Thailand’s opposition Pheu Thai Party is leading the ruling Democrat Party both in the party-list and Bangkok’s 21 constituencies, according to a latest opinion poll, with 44 per cent of people still undecided on which party they are going to vote for.
Bangkok Poll conducted a survey of 3,323 respondents from June 2-9.
Some 33.6 per cent of Bangkokians said they would vote for Pheu Thai in the party-list system, an increase of 7.8 per cent compared to a survey conducted on May 20-22, while 17.1 per cent said they would vote for the Democrats, an increase of 2.4 per cent. Another 3.2 per cent maintained they would vote for Love Thailand, an increase of 1.2 per cent. Some 44.1 per cent were undecided.
As for the constituency system, 33.8 per cent would vote for Pheu Thai, an increase of 7.5 per cent compared to a survey on May 20-22, some 17.6 per cent would vote for the Democrats, an increase of 2.4 per cent, 1.3 per cent would vote for Rak Santi, the same as the previous survey, and 46.4 per cent were undecided.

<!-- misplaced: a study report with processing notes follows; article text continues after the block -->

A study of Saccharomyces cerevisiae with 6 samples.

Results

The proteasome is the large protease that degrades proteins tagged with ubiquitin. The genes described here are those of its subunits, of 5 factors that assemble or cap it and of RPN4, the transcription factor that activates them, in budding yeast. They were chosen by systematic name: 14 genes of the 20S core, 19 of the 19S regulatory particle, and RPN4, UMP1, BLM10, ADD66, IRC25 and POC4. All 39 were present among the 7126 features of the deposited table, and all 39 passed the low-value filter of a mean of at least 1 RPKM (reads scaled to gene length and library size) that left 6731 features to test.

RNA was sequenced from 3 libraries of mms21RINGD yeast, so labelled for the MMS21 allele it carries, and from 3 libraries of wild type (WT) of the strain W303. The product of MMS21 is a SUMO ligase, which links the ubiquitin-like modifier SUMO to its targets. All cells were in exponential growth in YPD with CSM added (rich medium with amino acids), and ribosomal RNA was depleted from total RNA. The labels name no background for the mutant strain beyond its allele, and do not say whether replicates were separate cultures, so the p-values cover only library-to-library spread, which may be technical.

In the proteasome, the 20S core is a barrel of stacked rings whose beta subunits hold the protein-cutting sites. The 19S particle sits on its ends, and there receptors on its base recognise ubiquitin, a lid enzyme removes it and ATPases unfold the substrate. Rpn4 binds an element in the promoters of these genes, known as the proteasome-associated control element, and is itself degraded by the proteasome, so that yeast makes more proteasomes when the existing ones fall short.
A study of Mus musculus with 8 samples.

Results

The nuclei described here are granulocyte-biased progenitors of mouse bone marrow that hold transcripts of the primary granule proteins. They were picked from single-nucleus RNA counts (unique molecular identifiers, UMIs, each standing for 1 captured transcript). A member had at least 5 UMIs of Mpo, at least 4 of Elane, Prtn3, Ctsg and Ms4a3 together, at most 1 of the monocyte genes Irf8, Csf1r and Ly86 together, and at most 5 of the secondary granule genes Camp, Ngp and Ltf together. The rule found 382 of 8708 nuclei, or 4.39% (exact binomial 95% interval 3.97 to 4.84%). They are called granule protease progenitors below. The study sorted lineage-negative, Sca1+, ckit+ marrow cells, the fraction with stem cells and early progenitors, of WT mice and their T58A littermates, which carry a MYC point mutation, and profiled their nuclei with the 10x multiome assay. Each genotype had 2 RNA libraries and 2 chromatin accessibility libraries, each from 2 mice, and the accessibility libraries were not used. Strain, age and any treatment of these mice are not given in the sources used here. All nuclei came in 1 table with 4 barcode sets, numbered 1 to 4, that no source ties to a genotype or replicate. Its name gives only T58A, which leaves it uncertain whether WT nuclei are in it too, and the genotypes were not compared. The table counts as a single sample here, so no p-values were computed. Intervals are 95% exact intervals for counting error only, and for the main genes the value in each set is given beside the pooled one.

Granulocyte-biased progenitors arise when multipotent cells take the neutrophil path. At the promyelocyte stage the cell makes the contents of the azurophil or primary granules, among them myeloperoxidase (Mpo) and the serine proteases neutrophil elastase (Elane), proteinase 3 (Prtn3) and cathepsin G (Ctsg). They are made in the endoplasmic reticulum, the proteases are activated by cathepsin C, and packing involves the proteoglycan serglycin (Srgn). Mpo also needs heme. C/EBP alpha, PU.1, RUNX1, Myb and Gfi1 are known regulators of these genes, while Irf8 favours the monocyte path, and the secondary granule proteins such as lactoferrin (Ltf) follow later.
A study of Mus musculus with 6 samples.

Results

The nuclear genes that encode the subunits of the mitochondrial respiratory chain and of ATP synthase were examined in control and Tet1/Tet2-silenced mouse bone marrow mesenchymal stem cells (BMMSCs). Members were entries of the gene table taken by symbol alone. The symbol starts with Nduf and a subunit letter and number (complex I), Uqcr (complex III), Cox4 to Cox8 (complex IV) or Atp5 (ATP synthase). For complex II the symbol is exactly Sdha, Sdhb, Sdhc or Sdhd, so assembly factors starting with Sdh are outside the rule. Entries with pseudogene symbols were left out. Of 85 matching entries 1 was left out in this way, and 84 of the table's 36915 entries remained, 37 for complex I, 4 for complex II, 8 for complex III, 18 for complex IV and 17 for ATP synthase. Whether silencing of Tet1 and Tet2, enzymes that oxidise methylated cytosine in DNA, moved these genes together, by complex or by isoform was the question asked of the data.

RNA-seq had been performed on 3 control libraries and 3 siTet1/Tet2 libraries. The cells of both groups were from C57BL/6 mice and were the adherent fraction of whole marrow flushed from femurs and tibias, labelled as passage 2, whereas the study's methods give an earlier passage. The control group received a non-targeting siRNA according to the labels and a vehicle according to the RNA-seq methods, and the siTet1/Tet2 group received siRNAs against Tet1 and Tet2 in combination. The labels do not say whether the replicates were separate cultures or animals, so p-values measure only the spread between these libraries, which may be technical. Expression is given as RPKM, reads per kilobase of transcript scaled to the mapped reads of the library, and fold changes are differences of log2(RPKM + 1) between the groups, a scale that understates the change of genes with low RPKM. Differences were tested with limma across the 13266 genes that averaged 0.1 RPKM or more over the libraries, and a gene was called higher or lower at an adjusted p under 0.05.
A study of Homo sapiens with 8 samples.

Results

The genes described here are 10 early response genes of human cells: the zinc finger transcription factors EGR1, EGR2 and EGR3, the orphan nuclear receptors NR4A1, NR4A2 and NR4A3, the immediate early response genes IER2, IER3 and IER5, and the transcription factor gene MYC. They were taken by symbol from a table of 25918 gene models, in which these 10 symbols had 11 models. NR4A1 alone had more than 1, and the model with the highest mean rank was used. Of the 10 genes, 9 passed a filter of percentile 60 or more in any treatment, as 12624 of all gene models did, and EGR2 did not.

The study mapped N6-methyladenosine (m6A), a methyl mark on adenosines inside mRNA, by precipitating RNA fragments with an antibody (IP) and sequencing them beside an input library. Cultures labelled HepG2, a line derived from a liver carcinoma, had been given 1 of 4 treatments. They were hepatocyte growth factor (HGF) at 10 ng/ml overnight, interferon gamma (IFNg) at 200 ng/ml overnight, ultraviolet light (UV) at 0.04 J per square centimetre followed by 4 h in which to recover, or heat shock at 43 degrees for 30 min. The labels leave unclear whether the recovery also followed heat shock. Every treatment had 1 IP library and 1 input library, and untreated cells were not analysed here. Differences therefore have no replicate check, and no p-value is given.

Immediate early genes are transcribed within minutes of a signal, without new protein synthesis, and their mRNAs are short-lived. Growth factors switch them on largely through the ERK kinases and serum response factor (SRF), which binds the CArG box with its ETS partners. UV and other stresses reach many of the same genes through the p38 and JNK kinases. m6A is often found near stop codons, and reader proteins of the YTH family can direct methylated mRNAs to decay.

Pheu Thai leads in constituencies 3, 4, 5, 7, 8, 10, 11, 12, 13, 14, 16, 17, 18, 20, 23, 26, 27, 29, 32 and 33.
The Democrats lead in constituencies 1, 2, 15, 19, 22 and 30. The two parties share almost same scores in six constituencies: 6, 9, 21, 25, 28 and 31.
Yingluck Shinawatra, the prime ministerial candidate of the opposition party, still leads incumbent PM Abhisit Vejjajiva as the most favourite PM candidate with a backing of 42.6 per cent, an increase of 15.7 per cent, followed by Abhisit, 23.6 per cent, an increase of 6.2 per cent, Purachai Piumsomboon 3.9 per cent, an increase of one per cent and Chuwit Kamolwisit 2.4 per cent, a drop of 1.2 per cent. Some 27.5 per cent were undecided.
Meanwhile, Dusit Poll surveyed 1,556 people from June 8-11 on what kind of election campaign they wanted most. Of the total, 31.41 per cent said they wanted MP candidates to come up with clear policies on how they could improve the well-being of people, 28.2 per cent wanted to know how MP candidates would manage community development and 25 per cent sought more information on educational and security policies.
Regarding what the respondents do not want to hear from MP candidates during their campaigns, 38.1 per cent said mudslinging, 34.8 per cent said lies and allegations without evidence, 16.2 per cent said exaggeration of qualifications.